Ferocious Leopard Rips Off Man's Scalp in India
By Arlene Paredes | January 11, 2012 5:06 PM EST
A leopard wandered off into a residential neighborhood in an Indian city and attacked people, killing a lawyer and injuring at least three others including a man who even tried to save the wild animal from getting killed.
The stray leopard ripped off the scalp of a man who tried to protect it from policemen who were already aiming to shoot.
Pintu Dey, an Indian casual labourer in his 40s, is recovering in an Assam hospital after his nightmarish ordeal.
Dey's two children were in the house when the incident happened. When he saw some policemen aiming to shoot the leopard, he ran to the leopard's rescue and tried to stop the policemen from firing.
"I pleaded against killing the cat and literally stood between the policemen and the leopard like a shield, and all of a sudden I found myself attacked and blood splattered all over," Dey told the media.
The leopard also bit Dey on his hands and legs, and he suffered a fractured hand on top of the multiple bites.
"I would say the injury is really severe as he lost a lot of blood and his scalp wound is indeed serious," said a doctor in the Wintrobe Hospital.
The ferocious cat attacked three other people in Assam's capital, right in the centre of Guwahati, reports said.
While Dey survived the fierce leopard's attack, one victim, former journalist and lawyer Deva Kumar Das, was not as fortunate.
Witnesses said the leopard attacked Das, a 50-year-old lawyer, while he was talking to someone on his cellphone outside his house on Saturday evening.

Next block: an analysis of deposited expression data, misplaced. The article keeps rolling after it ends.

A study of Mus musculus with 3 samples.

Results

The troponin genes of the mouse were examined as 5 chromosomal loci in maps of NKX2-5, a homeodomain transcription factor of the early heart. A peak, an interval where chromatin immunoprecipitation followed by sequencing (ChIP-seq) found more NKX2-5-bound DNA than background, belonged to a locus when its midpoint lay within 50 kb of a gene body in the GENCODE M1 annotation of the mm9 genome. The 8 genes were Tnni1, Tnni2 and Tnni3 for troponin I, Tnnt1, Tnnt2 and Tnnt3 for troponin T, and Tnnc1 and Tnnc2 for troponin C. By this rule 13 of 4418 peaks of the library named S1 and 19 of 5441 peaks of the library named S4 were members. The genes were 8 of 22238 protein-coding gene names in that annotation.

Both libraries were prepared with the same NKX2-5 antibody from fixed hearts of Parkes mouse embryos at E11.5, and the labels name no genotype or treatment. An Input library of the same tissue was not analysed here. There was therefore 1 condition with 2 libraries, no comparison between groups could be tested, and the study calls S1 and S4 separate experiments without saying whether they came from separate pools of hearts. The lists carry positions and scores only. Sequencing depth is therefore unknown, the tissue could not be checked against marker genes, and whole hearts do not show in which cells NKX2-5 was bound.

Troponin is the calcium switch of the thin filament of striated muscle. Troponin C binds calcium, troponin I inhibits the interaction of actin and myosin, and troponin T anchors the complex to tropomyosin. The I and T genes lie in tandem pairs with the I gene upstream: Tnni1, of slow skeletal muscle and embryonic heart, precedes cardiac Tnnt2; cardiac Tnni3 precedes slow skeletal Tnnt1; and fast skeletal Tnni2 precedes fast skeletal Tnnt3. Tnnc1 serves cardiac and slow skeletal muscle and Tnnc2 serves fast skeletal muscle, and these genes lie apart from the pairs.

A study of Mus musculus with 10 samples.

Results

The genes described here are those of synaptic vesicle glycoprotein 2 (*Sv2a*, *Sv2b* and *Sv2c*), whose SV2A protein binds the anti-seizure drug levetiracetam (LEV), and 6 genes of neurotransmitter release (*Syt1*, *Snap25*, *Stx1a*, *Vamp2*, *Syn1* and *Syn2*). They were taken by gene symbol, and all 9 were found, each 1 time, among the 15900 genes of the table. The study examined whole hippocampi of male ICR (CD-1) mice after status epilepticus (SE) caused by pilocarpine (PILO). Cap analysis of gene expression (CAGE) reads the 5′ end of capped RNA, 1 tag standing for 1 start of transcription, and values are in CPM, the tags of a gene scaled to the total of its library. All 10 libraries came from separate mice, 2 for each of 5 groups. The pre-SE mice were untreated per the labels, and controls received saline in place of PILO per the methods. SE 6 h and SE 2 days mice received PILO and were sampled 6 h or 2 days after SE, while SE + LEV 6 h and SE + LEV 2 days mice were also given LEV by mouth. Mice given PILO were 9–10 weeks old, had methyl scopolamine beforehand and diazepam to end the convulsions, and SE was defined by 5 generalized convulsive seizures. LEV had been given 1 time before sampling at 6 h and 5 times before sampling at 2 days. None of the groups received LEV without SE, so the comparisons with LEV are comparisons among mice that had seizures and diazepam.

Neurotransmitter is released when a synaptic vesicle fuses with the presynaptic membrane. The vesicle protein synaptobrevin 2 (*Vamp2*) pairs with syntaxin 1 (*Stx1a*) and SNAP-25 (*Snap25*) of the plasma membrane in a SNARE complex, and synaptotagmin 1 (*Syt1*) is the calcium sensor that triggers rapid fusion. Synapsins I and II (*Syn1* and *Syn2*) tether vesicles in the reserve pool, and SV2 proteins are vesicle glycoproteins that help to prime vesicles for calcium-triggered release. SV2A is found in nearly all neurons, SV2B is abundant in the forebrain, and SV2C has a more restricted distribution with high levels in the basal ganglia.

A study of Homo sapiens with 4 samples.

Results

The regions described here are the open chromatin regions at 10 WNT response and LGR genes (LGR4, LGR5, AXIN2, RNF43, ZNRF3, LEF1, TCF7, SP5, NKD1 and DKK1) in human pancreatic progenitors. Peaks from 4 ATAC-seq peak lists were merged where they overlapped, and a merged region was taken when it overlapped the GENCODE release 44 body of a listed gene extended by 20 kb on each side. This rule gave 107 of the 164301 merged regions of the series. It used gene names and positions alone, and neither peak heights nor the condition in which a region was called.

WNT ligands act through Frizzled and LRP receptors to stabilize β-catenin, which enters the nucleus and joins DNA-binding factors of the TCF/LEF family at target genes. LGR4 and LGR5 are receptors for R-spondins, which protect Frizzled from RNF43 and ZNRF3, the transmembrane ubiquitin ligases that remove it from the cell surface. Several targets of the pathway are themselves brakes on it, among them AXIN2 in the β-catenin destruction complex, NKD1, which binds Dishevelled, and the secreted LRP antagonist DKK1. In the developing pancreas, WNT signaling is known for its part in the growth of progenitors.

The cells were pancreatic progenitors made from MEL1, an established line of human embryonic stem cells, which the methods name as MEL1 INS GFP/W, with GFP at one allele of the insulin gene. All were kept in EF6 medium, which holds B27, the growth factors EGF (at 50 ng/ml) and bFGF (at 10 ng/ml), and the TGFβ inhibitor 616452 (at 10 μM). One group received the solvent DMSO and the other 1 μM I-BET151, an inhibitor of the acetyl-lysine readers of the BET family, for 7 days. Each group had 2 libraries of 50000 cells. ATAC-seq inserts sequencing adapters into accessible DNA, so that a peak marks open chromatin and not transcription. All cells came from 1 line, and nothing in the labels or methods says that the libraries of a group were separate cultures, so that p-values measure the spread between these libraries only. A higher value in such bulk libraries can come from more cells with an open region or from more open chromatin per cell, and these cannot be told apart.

He was rushed to a hospital, but he died from his injuries the next day.
Two other victims are recovering and stable in hospitals over the stray leopard's vicious attacks.
Dey's efforts to save the leopard did not wind up in vain.
The leopard was later tranquillised by India's forest officials and taken to the Assam State Zoo in Guwahati, before setting it free in a tiger reserve in Manas on Monday.
Dey took the opportunity to call on the Indian government for assistance when the media spoke to him.
"I wish the government could take care of my medical expenses as my financial condition is not sound," Dey said.
Thousands of people are attacked by wildlife in India each year, with tigers, leopards, elephants and snakes the most dangerous, the AAP reported.
The most notable cause of the straying of animals is the decline in number of their natural habitats, environmentalists say.
Indian conservationists have been calling for the government to pay attention to their wildlife's natural habitats, specifically the dense forest cover in areas surrounding cities to prevent dangerous animals from straying into populated residential areas.